Creating a safe sleeping environment for your baby is one of your top priorities. For the first six months of your baby's life, the safest place for them to sleep is in your room in a Moses Basket, Bassinet, or Co-sleep bed near your bed.
How to Inspect Your New or Second-hand Crib
Whether you bought your baby's crib brand new or used, you should inspect it thoroughly before putting your baby to sleep. Some things to look at include:
- Make sure the crib has at least 20 inches from the top of the crib sides to the top of the mattress.
- The crib's slats should be between 1 and 2½ inches apart to keep your baby safe from getting limbs stuck between the slats.
- The mattress should be flat and firm, fitting in the crib snugly.
How to Keep Your Baby Safe in His Crib
To reduce the risk of SIDS (Sudden Infant Death Syndrome), you always want to put your baby to sleep on his back.
Avoid putting loose blankets, toys, and stuffed animals in the crib with your baby. If you feel your baby may get cold, either swaddle your baby snugly or put him in a sleep sack.
When your baby is in the crib, always keep the crib's drop-side up and locked. Our functional braided crib bumper is designed to protect your baby in the crib! Never leave a bottle in the crib with your baby unsupervised. Babies choke easily, even if it's just milk.
The Safest Temperature for My Baby's Room?
Most experts recommend keeping your baby's room temperature between 68° and 72°F (20° to 22.2°C). Your baby is more vulnerable to SIDS if they become overheated. Here are a few tips to help your baby stay comfortable and not overheated:
- Invest in either a room thermometer or a baby monitor that also displays the room temperature.
- Never put an electric blanket or a hot water bottle in the crib with your baby.
- Don't put the crib near heaters, radiators, or direct sunlight.
- You can also use a fan to keep your baby cool, just be sure that the fan is not near the baby's crib.
Keeping Baby Safe During Daytime Naps
Regardless of whether your baby is sleeping during the day or at night, you should still follow the same advice:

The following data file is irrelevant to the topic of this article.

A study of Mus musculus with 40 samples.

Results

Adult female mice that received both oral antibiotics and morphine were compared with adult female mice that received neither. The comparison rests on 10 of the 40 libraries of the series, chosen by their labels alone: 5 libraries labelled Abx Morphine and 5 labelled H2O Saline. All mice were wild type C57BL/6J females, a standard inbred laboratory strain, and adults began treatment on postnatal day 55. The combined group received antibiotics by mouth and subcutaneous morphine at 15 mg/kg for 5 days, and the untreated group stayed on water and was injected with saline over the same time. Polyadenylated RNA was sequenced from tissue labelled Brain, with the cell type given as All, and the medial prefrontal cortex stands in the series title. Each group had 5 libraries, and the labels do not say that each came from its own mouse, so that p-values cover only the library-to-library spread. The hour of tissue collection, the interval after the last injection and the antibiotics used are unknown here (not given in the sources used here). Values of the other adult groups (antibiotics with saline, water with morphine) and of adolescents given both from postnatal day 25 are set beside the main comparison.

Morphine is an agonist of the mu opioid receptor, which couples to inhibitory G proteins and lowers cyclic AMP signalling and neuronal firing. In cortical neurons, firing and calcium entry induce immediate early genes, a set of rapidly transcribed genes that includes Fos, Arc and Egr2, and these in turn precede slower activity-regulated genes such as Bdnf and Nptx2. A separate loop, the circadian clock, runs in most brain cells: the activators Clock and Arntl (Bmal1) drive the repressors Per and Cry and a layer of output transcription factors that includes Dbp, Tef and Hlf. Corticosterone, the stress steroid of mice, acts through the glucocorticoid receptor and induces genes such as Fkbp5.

- Put your baby to sleep on his back on a firm, flat surface.
- Do not use the car seat as a bed for your baby. If your baby falls asleep in his car seat, take him out as soon as you get home and put him in his crib, bassinet, or Mose basket.
- Never let your baby sleep in the car unattended for any reason.
How to Safely Co-Sleep with Baby
Co-sleeping has gained popularity over the past decades. Some parents bring the baby to bed with them at night. Others only do it during the day for nap time. Here are a few safety tips for keeping baby safe while co-sleeping:
- Your mattress needs to be firm and fit snugly again the bed frame, ensuring there are no gaps for your baby to fall into.
- Don't leave your baby in your bed alone.
- Remove the pillows and bedding from around your baby to prevent him from smothering or getting too hot.
- Lay on your side, curled around your baby facing him. Place the arm on the mattress above your baby's head and bring your knees up under the baby's feet. This position will keep you from rolling backward or forwards.
- Do not fall asleep with the baby in an armchair or sofa. The gaps in the cushions could smother your baby.
- Don't put your baby in your bed if you or your partner has consumed alcohol or taken any medication or drug that could cause drowsiness.
- If your baby was premature or had a low birth weight, don't put him in your bed.
ConclusionYour baby is precious and relies solely on you for protection and care. You need to be aware of your baby's surroundings at all times, and purposefully create a safe place for your baby to sleep.